A new resistance camp, called L’eau Est La Vie (Water Is Life), opened over the weekend, on June 24. Based in southern Louisiana, the camp is against the 163-mile long Bayou Bridge Pipeline.

The camp, according to a press release emailed to Colorlines, is made up of indigenous and environmental justice communities. Described as a “floating camp,” it sits among Louisiana’s wetlands and contains numerous indigenous art structures that are on rafts. The camp’s name, L’eau Est La Vie, is in the indigenous-colonial Houma French language. The United Houma Nation is one of the tribes whose members are challenging the pipeline.

For these first two weeks, the camp will be full of prayerful ceremony, says Cherri Foytlin, state director of Bold Louisiana and an indigenous woman. “Someone is praying at all times at the camp for the next two weeks,” she said in a phone interview with Colorlines about the space which she considers a prayer and resistance camp.

L'eau Est La Vie (Water is Life) Camp members prepare crawfish, a major part of the region's cultural and economic culture, on June 24, 2017, in southern Louisiana. L'eau Est La Vie (Water is Life) Camp members prepare crawfish, a major part of the region's culture and economy, on June 24, 2017, in southern Louisiana.

However, Foytlin says that campers are prepared to put their bodies on the line. If the Bayou Bridge gets the necessary permits to begin construction—one from the U.S. Army Corps of Engineers, one from the state’s Department of Natural Resources and another from the Louisiana Department of Environmental Quality—they will “use [their] bodies to protect [their] children.” The Department of Natural Resources already issued its permit on April 3.

Energy Transfer Partners—the same company behind the Dakota Access Pipeline—needs the Bayou Bridge to bring the Dakota Access to its full potential. The company wants the crude oil from the Bakken Formation in North Dakota, which runs through the Dakota Access to Illinois, to ultimately end up at terminal facilities and refineries in St. James, Louisiana.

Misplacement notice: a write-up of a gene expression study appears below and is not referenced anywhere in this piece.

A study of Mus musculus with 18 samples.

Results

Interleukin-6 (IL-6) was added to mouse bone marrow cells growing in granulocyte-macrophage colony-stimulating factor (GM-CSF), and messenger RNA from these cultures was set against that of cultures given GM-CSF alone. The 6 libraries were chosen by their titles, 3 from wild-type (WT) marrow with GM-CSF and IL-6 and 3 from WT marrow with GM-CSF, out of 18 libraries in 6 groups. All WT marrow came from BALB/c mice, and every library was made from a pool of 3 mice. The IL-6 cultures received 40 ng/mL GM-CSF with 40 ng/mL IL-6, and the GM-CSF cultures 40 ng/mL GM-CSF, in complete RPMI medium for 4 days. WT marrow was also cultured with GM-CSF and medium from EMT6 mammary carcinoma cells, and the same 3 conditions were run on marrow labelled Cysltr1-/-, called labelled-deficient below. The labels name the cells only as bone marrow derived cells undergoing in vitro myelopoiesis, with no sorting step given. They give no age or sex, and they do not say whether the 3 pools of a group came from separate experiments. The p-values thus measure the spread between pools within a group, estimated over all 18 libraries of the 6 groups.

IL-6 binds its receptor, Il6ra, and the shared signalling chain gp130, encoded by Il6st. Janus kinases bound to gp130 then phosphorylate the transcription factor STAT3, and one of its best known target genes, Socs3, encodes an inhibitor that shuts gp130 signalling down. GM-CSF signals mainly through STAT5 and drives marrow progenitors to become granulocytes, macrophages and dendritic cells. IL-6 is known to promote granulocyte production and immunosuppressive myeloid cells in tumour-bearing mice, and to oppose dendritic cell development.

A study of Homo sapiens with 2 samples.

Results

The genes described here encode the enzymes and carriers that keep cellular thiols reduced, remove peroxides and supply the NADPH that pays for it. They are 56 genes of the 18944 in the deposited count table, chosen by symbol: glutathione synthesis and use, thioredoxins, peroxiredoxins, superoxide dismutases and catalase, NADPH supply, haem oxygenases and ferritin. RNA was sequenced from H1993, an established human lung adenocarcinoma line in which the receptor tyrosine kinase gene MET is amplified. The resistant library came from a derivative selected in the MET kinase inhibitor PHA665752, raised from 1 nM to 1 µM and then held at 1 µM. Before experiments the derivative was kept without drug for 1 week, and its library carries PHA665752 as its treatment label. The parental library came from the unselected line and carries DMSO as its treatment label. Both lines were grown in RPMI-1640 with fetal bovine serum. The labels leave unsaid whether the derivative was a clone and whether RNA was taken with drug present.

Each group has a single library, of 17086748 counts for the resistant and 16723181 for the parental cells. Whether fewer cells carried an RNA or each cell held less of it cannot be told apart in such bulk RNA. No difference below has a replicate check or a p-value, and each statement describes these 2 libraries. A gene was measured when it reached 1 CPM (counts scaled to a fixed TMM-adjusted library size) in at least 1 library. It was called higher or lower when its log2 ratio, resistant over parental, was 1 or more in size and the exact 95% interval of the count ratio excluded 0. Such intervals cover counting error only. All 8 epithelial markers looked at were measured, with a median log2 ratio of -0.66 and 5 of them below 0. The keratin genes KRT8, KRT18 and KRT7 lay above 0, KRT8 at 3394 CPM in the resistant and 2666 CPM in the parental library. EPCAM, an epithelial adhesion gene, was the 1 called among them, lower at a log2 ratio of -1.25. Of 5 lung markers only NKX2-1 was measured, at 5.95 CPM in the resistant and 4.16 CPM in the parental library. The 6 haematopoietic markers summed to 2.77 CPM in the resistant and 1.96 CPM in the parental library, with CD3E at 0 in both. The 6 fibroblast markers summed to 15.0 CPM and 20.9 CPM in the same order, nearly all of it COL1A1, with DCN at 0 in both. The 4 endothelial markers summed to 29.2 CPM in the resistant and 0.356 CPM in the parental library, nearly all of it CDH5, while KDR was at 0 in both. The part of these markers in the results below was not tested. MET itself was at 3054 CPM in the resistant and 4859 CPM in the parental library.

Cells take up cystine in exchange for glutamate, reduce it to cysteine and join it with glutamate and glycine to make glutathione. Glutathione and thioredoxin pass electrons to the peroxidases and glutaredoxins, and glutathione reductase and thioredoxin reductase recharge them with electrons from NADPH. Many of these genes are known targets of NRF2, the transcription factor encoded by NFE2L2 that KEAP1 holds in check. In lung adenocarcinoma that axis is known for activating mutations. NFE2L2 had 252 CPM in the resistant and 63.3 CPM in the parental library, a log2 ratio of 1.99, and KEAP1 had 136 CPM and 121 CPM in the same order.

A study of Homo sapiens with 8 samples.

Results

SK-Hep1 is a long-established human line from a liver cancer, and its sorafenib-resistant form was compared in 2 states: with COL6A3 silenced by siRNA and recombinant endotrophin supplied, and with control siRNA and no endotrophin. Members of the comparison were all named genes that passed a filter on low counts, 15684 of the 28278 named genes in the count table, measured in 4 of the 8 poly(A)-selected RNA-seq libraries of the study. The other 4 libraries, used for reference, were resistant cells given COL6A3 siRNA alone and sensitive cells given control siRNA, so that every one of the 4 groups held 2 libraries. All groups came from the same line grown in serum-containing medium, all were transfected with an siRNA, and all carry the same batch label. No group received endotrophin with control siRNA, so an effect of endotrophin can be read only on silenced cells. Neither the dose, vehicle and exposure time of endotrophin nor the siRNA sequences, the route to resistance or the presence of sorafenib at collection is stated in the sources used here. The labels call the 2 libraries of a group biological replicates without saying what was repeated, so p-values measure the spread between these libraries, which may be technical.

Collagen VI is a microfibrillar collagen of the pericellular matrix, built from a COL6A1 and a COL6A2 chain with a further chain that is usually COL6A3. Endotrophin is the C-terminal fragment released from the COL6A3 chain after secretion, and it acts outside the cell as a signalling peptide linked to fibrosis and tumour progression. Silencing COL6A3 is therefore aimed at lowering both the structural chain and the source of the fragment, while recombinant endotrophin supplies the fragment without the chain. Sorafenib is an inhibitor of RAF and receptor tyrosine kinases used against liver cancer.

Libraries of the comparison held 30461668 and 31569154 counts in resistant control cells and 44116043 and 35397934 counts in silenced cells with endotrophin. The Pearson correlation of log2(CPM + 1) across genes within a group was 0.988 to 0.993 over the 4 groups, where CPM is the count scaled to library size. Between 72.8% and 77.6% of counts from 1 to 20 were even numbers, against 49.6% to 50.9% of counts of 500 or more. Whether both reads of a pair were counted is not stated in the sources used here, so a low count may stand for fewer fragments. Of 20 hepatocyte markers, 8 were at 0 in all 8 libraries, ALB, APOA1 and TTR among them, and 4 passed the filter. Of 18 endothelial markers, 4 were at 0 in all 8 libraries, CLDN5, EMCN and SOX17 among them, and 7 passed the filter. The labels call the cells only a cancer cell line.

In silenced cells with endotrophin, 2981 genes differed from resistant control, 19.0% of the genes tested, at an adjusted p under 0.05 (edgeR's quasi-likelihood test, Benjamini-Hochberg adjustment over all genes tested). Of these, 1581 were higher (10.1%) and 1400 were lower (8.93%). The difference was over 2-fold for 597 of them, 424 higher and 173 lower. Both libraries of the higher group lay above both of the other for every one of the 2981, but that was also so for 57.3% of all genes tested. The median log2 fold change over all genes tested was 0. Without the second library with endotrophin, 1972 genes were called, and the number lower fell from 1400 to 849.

The Bayou Bridge Pipeline would be needed to bring North Dakota’s fracked oil to the Gulf of Mexico. The pipeline system, collectively called the Bakken Pipeline, would bring the oil to Nederland, Texas, and then to Lake Charles, Louisiana. The idea is to expand that existing system to St. James.

It would carry 480,000 barrels of crude oil a day. Environmentalists in the region—including many indigenous and tribal nations—are concerned how the pipeline may impact crawfishing industry if a spill occurs. Landowners are worried that Energy Transfer Partners will take away their land to use for the pipeline, which Energy Transfer Partners has done with other pipeline projects around the country (including the Dakota Access Pipeline).

Photo courtesy of Ethan Buckner / Earthworks Indigenous children at the L'eau Est La Vie (Water is Life) Camp on June 24, 2017, in southern Louisiana. Indigenous children at the L'eau Est La Vie (Water is Life) Camp on June 24, 2017, in southern Louisiana.

The company says the pipeline will provide an economic and employment boost, but The Times-Picayune reports that only 12 permanent jobs will come out of the project. It costs $670 million and would run across 11 parishes. Plus, the company’s controversial counterterrorism tactics in North Dakota (which include surveillance and infiltration) have made pipeline opponents more determined to keep Energy Transfer Partners out of their backyard.

“This is part of protecting ourselves and liberating ourselves from [Energy Transfer Partners] in particular,” says Foytlin. “It should have its social license revoked. They don’t deserve to keep doing business.”

Watch the video below to hear Foytlin speak about how the Bayou Bridge Pipeline could impact her land and people.